Alchemy and amore

The Meaning of It All

The rule of the Renaissance: Pretty clothes, bad hair.

The rule of the Renaissance: Pretty clothes, bad hair.

Photo By terri brindisi

The Meaning of It All; 8 p.m. Friday and Saturday and 2 p.m. Sunday; $12-$20. California Stage in the Wilkerson Theatre at the California Stage complex, 25th Street and R Street; (916) 451-5822; Through May 27.

Wilkerson Theatre (formerly The California Stage)

1723 25th St.
Sacramento, CA 95816

(916) 451-5822

Rated 3.0

Take one alchemist with a bad case of pre-nuptial jitters, his freethinking brother, a headstrong bride, and a greedy button man for the famiglia, and plunk them all down in Renaissance Pisa.

What you get is a tilting comedy to match that city’s famous campanile, also known as the leaning tower of Pisa. The Meaning of It All is the work of local playwright Robert Lautz, with assistance from California Stage’s playwright and dramaturge, Rick Foster, and from director Ray Tatar.

The story takes place in the cottage of Calvino Mezzo Zucco (Brennan Villados), an alchemist and inventor who is trying desperately to turn lead into gold because he may have, inadvertently and completely on accident, hinted to his future father-in-law that he could do so.

His brother Savio (Tony Hutt) arrives—along with his belongings—in need of a place to stay because he’s been fired from his university post for his failure to be pious enough. And, in the midst of all this, here comes a member of the dominant Domenici famiglia of Florence (Mahlon Greenhalgh), who has heard about the whole lead-into-gold thing and wants to make sure his relatives get their hands on it.

With the pressure on, Calvino finds himself unable to, uh, keep his bride (Chelsea Barone) happy, and rather than continuing his experiments, he’s concentrating on winning her back. There’s also a subplot with his friend Luca (Arturo Gonzales), who is unluckily in love with his artist cousin, Mona (Katherine Dahl).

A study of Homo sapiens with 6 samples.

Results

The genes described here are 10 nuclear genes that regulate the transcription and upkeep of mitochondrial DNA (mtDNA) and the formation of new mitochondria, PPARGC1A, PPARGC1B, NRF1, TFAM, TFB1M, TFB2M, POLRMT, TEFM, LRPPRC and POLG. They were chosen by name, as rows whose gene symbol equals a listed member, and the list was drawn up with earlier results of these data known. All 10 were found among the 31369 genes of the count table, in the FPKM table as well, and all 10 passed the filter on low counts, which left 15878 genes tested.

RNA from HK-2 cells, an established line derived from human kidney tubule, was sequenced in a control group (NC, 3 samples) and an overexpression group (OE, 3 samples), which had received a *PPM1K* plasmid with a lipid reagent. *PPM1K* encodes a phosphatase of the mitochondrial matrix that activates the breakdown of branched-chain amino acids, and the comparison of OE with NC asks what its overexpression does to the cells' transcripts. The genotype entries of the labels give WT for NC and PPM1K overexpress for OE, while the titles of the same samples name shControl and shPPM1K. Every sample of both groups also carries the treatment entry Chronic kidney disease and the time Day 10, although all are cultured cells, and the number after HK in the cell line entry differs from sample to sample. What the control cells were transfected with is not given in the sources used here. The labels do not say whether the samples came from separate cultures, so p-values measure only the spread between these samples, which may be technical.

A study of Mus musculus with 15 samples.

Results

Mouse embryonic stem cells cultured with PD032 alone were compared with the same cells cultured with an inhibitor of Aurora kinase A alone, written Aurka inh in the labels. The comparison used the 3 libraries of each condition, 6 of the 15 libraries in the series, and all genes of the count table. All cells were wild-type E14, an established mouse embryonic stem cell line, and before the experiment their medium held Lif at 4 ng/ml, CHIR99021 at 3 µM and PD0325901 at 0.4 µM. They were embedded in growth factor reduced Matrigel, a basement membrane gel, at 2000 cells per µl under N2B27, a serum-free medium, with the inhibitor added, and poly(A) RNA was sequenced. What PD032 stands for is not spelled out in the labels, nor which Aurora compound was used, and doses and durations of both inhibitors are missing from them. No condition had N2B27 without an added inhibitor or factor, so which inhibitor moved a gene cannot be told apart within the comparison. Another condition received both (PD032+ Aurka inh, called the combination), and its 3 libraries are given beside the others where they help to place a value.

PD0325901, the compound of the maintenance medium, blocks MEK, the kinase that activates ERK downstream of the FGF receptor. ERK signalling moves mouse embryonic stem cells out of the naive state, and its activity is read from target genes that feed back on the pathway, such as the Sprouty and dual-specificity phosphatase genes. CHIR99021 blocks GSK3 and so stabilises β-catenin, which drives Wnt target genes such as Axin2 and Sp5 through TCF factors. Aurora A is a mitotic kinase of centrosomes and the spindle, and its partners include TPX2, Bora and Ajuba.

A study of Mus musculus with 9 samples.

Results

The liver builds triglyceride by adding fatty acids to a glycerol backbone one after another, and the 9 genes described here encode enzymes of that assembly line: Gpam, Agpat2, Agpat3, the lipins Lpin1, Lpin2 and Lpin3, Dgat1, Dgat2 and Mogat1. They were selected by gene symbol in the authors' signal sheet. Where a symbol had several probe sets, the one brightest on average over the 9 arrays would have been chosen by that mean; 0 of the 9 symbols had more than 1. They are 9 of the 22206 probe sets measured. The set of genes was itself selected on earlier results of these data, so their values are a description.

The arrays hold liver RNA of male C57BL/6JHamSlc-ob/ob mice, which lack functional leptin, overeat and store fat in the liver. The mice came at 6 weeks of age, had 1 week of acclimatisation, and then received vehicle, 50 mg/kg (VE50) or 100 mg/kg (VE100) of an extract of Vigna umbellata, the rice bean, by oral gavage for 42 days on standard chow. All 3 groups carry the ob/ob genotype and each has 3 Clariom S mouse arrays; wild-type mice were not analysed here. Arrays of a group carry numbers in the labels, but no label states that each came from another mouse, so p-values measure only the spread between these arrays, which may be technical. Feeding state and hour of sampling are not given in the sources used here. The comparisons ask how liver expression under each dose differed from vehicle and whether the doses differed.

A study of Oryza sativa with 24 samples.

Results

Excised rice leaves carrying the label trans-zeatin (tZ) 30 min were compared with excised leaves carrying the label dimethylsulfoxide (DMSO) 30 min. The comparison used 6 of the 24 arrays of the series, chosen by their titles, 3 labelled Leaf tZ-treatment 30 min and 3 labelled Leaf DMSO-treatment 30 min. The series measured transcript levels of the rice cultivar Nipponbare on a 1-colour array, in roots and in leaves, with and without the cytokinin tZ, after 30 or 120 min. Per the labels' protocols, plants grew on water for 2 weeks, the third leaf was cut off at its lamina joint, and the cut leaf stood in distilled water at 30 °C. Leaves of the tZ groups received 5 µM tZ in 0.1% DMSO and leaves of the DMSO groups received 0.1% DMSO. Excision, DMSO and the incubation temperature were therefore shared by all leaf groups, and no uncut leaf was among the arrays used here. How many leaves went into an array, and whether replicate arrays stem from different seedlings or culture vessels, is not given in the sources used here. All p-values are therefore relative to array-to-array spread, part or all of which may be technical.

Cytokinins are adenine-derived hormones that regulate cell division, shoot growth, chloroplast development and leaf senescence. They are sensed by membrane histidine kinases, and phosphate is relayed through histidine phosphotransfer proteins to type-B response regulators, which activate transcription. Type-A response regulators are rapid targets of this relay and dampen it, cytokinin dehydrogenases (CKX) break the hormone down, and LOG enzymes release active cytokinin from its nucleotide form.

The Meaning of It All is, in many ways, a typical farce, with misunderstandings and sexual innuendo. The more unusual additions to the genre come from Savio, the alchemist’s brother, and his insights both into the limitations that religion has on science and invention and his scathing indictments of hypocrisy. His intellect seems far superior to the others—and he doesn’t get many funny lines—which leaves him thoroughly underutilized.

Worth noting is the detailed and beautiful set constructed in the oddly-shaped space of the Wilkerson Theatre. Kurt Kurtis’s design includes an alchemist lab, complete with glass containers of multi-colored potions and multiple bottles and implements for all sorts of concoctions. Jenny Plummer is responsible for the costumes, which are both detailed and flexible (and, in the case of the wedding-night robe, thoroughly blush-worthy). However, the wig on Calvino should be reconsidered.

The one holdup in the program is the intermittent use of Italian words and phrases—and the accents, which have a bad habit of slipping from time to time (including one that sounds more Brooklyn pizza parlor than Pisa). In this particular case, with the scene set so thoroughly, the accents and Italian phrases slow the comedy down rather than moving it ahead.